FirstEnergy’s headquarters in Akron. Source: Google Maps.
Despite public promises of transparency, FirstEnergy Corp. is fighting a legal battle to slow-walk its production of documents subpoenaed by a consumer watchdog agency related to the company’s self-professed bribery operation.
FirstEnergy, which owns three electric utilities in Ohio, has already successfully narrowed the scope of the documents it was ordered to turn over related to the scandal around the 2019 passage of House Bill 6. The company has previously given these thousands of pages to federal regulators for their investigation but fought efforts to provide them to the Ohio Consumers’ Counsel, a watchdog state agency.
At a hearing Monday, one day after the documents from the company were due, FirstEnergy requested from the Consumers’ Counsel an extra four-month period, over which it would produce the records on a “rolling” basis.
An attorney examiner — essentially an administrative law judge who oversees quasi-courtroom proceedings for the Public Utilities Commission of Ohio (PUCO) — affirmed that FirstEnergy will produce the records in question. At issue is the timing, which is typically settled between the parties and doesn’t require any public hearing or judge getting involved.
“If this is the way the parties are going to conduct themselves in this already contentious proceeding, then we will certainly have a very long road ahead of us,” said attorney examiner Megan Addison.
In a deferred prosecution agreement FirstEnergy entered with the U.S. Department of Justice last summer, the company admitted to two bribery schemes designed to enrich itself. One involved a $60 million payment to a nonprofit secretly controlled by former House Speaker Larry Householder. The other involved a $4.3 million payment to the former chair of the PUCO, Sam Randazzo. Householder has pleaded not guilty and awaits trial. Randazzo has not been charged with a crime and has maintained his innocence.
The state, via PUCO, and the federal government, via the Federal Energy Regulatory Commission (FERC), have both launched their own investigations into FirstEnergy’s conduct. However, FERC’s efforts have proved more robust, unearthing new information about the scandal. The PUCO, meanwhile, has been dogged by accusations of failing to diligently investigate the conduct of both FirstEnergy and its former chief.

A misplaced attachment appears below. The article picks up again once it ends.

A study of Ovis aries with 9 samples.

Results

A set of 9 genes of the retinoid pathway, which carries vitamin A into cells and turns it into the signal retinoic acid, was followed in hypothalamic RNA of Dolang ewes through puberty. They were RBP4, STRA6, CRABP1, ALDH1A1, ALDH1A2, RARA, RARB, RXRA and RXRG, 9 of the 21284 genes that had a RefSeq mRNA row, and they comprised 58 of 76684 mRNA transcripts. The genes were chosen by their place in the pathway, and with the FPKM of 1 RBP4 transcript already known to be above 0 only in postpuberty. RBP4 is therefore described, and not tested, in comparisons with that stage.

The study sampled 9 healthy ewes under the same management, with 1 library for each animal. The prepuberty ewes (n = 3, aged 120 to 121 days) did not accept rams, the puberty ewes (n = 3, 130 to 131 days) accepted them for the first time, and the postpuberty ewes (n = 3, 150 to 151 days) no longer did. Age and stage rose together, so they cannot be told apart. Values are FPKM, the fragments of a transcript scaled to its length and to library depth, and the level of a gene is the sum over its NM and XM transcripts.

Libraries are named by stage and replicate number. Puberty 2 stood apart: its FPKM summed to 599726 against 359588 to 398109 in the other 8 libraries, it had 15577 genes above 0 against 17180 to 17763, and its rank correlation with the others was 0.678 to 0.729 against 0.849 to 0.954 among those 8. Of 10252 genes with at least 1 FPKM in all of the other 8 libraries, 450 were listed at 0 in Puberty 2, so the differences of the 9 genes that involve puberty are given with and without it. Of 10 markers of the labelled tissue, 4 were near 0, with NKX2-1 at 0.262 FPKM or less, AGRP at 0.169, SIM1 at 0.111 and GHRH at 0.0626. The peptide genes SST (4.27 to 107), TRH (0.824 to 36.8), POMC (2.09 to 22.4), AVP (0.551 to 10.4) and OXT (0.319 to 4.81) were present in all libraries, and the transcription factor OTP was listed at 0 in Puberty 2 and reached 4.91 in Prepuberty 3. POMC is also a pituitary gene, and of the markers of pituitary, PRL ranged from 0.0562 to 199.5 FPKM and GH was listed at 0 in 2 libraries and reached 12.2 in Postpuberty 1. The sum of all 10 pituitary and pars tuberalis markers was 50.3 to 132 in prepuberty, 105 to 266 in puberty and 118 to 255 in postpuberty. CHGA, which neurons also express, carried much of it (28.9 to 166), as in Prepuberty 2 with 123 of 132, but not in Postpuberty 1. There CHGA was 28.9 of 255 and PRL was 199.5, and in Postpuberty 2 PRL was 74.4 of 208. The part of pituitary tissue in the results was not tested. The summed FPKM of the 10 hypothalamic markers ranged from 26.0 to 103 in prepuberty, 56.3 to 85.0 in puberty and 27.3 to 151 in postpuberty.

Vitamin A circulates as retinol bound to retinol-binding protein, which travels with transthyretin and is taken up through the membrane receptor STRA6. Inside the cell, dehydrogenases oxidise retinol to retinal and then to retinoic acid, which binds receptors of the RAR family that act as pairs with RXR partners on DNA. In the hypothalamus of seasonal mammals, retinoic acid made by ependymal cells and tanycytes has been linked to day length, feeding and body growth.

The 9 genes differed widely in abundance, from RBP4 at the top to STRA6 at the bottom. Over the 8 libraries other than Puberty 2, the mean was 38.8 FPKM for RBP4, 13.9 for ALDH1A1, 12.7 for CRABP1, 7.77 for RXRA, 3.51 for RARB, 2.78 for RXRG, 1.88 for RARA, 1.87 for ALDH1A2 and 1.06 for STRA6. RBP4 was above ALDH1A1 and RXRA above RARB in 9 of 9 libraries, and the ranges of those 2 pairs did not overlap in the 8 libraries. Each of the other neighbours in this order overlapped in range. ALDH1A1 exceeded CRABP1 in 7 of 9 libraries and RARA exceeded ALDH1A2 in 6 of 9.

In an audit released in February, FERC determined FirstEnergy paid $71 million to various “dark money” nonprofits between 2015 and 2021 that aren’t required to disclose the sources of their funding. Those nonprofits supported House Bill 6, a piece of Householder-backed legislation worth an estimated $1.3 billion to FirstEnergy.
The Ohio Consumers’ Counsel, a state agency that represents residential ratepayers’ interests before the PUCO, requested in June 2021 the documents that FirstEnergy provided to FERC. That request was denied by Attorney Examiner Greg Price, who said he wanted to let the auditors proceed in a “confidential” manner but would revisit the issue when they release their audit.
In February, the Ohio Capital Journal reported that Price was involved in the drafting of HB 6 and reviewed the bill on the PUCO’s behalf. Amid investigations into the scandal, Price blocked several investigations into FirstEnergy. Price stepped aside from the case one week after the article published.
Addison, in a March 11 order, revisited the case and granted the OCC’s request to obtain some of the records FirstEnergy gave to FERC. However, instead of ordering production of the records from 2015 to 2021, she ordered production of records dated between 2017 and 2019. FirstEnergy argued in regulatory filings that the broader timeline exceeds the scope of the PUCO’s review.
The records mentioned in that order were due Sunday. On Monday, Addison gave the parties until noon Tuesday to work it out among themselves. If they fail to do so, she said she’d order a round of briefings and another hearing on April 20.
Attorneys with the OCC declined to comment after Monday’s hearing. However, in an email to Addison prior to Monday’s hearing, an agency attorney argued FirstEnergy had plenty of time to prepare and turn over the requested records. She called the company’s approach to handling subpoenas “problematic” in the case, given how long it takes the agency to receive documents on the “rolling” timeline.
Agency spokesman J.P. Blackwood offered a statement Monday evening.
“More delay from the PUCO and FirstEnergy. More frustration for our consumer protection fact-finding,” he said.
Two attorneys with FirstEnergy declined to comment after Monday’s hearing. Spokeswoman Jennifer Young said the company is working “expeditiously” to comply with the PUCO order.
“This requires reviewing approximately 19,000 pages so as to identify the correct information,” she said.